In a worrying new report, health journal Body Image has revealed that women who are unhappy with the size or shape of their breasts are less likely to be undertaking regular self-checks of their breasts.
The study interviewed almost 400 British women and found that many of those who participated in the research wished that there was something that they could change about the appearance of their breasts. Just over one third wished that their breasts were smaller and almost half wished that their breasts were larger. Combining these two groups together indicates that three-quarters of the sample would ideally change something about their breasts – suggesting that many women have some level of breast size dissatisfaction.
The women who were less likely to be carrying out these regular checks also expressed concerns that they may be unable to detect changes in breast tissue which should prompt a visit to see their GP.
Importance of regular checks
In line with NHS best practice guidelines, women should ensure that they are checking themselves regularly for anything that is out of the ordinary for their bodies. In order to detect changes, either in size, shape, texture or composition, it is important that women know what ‘normal’ looks and feels like for them – especially as this often changes at different times throughout the month. Familiarity garnered from regular self-checks is the most effective way of ensuring that any changes are identified, and quick action can be taken.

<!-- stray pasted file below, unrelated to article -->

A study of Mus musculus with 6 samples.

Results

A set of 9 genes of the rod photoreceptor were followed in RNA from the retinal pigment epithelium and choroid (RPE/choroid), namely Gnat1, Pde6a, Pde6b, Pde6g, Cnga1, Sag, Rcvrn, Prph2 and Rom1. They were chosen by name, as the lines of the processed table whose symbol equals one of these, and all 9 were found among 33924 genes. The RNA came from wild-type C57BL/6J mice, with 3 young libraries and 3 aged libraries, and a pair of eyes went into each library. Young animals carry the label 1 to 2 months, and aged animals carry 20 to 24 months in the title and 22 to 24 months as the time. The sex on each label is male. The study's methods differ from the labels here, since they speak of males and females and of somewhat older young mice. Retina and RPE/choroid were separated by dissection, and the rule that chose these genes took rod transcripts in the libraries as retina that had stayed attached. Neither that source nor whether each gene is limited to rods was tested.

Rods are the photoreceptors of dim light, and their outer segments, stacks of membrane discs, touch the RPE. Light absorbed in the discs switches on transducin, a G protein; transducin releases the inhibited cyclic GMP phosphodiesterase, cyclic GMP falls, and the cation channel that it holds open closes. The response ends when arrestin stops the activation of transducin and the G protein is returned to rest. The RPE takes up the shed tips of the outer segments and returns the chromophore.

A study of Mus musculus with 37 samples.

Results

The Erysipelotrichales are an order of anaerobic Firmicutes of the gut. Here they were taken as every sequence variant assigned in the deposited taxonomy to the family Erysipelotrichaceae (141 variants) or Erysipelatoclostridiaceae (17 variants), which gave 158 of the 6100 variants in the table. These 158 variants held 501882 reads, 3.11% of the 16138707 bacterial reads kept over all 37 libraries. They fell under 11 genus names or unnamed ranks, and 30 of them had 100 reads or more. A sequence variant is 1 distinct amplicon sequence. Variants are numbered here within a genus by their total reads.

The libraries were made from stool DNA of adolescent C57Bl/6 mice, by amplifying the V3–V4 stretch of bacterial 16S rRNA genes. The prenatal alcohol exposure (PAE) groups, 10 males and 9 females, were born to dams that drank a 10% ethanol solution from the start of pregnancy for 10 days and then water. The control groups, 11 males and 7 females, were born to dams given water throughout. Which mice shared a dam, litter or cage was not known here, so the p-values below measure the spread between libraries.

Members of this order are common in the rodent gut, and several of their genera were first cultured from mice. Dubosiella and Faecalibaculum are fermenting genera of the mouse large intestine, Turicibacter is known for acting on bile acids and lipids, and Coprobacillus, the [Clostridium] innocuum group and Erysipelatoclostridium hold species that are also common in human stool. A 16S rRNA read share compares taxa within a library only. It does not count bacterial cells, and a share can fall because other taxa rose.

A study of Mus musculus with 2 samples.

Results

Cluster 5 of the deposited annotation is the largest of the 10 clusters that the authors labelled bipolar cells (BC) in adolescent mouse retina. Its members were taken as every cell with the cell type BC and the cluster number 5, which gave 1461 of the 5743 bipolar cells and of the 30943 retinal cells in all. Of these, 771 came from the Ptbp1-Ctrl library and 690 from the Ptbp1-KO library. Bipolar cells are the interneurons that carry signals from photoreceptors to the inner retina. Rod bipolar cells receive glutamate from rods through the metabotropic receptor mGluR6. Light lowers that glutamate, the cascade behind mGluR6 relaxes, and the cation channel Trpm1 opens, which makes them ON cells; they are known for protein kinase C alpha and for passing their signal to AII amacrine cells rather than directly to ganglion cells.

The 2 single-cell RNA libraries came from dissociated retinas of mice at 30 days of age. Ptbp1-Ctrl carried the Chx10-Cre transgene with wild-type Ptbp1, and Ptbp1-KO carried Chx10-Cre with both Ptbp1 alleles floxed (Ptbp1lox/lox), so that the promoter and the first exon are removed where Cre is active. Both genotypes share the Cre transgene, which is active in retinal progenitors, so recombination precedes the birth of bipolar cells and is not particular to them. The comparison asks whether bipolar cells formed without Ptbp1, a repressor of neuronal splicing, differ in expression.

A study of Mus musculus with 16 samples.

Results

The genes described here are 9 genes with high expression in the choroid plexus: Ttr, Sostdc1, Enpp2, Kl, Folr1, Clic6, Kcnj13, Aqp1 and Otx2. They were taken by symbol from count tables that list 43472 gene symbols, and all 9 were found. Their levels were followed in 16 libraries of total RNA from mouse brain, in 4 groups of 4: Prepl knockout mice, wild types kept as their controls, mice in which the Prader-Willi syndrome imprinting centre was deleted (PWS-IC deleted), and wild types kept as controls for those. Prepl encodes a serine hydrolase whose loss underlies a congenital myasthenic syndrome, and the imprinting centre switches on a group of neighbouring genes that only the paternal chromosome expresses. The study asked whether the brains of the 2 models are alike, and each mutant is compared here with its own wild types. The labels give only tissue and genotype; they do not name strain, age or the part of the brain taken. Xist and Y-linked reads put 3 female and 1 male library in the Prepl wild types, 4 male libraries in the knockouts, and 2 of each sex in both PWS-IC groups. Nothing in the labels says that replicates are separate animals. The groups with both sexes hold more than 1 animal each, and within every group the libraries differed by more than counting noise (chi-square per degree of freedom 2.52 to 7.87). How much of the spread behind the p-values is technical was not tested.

The official advice as listed on NHS.co.uk is to contact your doctor if you notice:
- Anything different in the size or shape of either of your breasts
- Abnormal textures of the skin around the breast, such as dimpling
- Presence of a lump or hardened area inside the breast or underarm
- Unexpected discharge from the nipple
- Change in nipple shape or position
Another worrying finding of the report was the reluctance of some women to visit the GP if they identified something that could be positively worrying. One in ten of those surveyed claimed that they would put off seeing the doctor for ‘as long as possible’ if they thought they had detected something. This head-in-the-sand approach carries significant risks to women, as the sooner a problem is detected, the sooner something can be done to fix it.